Course of Study
The sixth-grade standards place continued emphasis on the study of whole numbers, decimals, and rational numbers (fractions). Students will use ratios to compare data sets; make conversions within a given measurement system; classify three-dimensional figures; collect, analyze, display, and interpret data, using a variety of graphical and statistical methods; begin using integers and percents; find the probability of an event; and investigate numerical and geometric patterns. Students will be introduced to algebraic terms and solving algebraic equations in one variable.
The seventh-grade standards place emphasis on solving problems involving consumer applications, using proportional reasoning, and gaining proficiency in computations with integers. The students will gain an understanding of the properties of real numbers, solve one-step linear equations and inequalities, and use data analysis techniques to make inferences, conjectures, and predictions. Two- and three-dimensional representations, graphing transformations in the coordinate plane, and probability will be extended.
The eighth-grade standards contain both content that reviews or extends concepts and skills learned in previous grades and new content that prepares students for more abstract concepts in algebra and geometry. Students will gain proficiency in computation with rational numbers (positive and negative fractions, positive and negative decimals, whole numbers, and integers) and use proportions to solve a variety of problems. New concepts include solving two-step equations and inequalities, graphing linear equations, visualizing three-dimensional shapes represented in two-dimensional drawings, applying transformations to geometric shapes in the coordinate plane, and using matrices to organize and interpret data. Students will verify and apply the Pythagorean Theorem and represent relations and functions using tables, graphs, and rules.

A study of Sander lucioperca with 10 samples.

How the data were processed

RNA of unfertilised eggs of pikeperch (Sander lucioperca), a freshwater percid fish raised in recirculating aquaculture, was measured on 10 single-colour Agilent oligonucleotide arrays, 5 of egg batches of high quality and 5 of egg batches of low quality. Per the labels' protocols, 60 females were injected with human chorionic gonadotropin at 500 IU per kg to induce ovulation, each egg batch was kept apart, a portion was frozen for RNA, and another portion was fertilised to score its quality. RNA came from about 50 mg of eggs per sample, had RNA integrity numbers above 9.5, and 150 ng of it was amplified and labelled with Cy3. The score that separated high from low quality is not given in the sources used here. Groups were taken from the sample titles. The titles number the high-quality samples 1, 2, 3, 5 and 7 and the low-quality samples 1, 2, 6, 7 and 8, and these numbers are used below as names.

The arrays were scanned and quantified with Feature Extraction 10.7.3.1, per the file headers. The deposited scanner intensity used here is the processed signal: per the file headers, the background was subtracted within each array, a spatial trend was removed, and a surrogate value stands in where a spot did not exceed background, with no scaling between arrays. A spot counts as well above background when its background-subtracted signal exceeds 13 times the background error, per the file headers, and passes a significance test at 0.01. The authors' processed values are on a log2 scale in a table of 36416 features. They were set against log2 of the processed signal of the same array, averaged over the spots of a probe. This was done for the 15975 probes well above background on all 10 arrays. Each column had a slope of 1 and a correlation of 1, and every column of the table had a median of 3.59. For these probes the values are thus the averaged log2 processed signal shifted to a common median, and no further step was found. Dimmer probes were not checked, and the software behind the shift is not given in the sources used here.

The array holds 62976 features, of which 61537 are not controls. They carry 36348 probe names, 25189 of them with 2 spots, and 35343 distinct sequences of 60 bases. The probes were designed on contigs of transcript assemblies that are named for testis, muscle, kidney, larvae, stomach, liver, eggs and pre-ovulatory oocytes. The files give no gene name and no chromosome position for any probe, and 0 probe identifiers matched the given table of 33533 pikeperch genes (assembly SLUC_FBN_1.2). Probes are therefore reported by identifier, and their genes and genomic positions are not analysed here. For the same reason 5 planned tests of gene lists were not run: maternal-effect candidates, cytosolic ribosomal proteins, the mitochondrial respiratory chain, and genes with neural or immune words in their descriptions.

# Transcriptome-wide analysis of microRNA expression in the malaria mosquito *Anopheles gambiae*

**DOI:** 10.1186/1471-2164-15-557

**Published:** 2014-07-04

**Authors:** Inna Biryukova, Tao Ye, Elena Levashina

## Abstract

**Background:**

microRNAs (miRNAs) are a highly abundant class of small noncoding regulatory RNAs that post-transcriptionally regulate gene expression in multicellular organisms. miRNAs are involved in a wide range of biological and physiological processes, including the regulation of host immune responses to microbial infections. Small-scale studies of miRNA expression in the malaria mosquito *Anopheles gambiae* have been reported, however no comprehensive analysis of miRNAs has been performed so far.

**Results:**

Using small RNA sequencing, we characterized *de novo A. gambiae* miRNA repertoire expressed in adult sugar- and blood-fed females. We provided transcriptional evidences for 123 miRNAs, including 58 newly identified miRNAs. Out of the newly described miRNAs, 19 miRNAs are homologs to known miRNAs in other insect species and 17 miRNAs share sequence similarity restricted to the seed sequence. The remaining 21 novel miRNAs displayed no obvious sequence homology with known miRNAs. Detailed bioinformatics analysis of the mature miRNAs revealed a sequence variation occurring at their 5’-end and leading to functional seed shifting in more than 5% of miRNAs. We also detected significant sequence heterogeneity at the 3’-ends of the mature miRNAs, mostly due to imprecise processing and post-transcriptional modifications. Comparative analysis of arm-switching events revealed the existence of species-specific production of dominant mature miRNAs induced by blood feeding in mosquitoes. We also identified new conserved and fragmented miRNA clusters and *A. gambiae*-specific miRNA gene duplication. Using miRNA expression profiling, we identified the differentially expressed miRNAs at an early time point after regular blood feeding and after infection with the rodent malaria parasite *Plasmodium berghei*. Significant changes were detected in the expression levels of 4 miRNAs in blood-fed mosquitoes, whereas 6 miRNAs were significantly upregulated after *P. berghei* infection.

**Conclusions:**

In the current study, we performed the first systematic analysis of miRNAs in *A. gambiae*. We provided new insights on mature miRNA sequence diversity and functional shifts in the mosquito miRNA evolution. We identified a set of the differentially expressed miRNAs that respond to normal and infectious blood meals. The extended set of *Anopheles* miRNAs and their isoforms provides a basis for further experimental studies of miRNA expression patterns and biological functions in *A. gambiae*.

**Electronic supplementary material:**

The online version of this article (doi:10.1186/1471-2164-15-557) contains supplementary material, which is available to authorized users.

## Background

The standards below outline the content for a one-year course in Algebra I. All students are expected to achieve the Algebra I standards. When planning for instruction, consideration will be given to the sequential development of concepts and skills by using concrete materials to assist students in making the transition from the arithmetic to the symbolic. Students should be helped to make connections and build relationships between algebra and arithmetic, geometry, and probability and statistics. Connections also should be made to other subject areas through practical applications. This approach to teaching algebra should help students attach meaning to the abstract concepts of algebra.
These standards require students to use algebra as a tool for representing and solving a variety of practical problems. Tables and graphs will be used to interpret algebraic expressions, equations, and inequalities and to analyze functions. Matrices will be used to organize and manipulate data.
Graphing calculators, computers, and other appropriate technology tools will be used to assist in teaching and learning. Graphing utilities enhance the understanding of functions; they provide a powerful tool for solving and verifying solutions to equations and inequalities.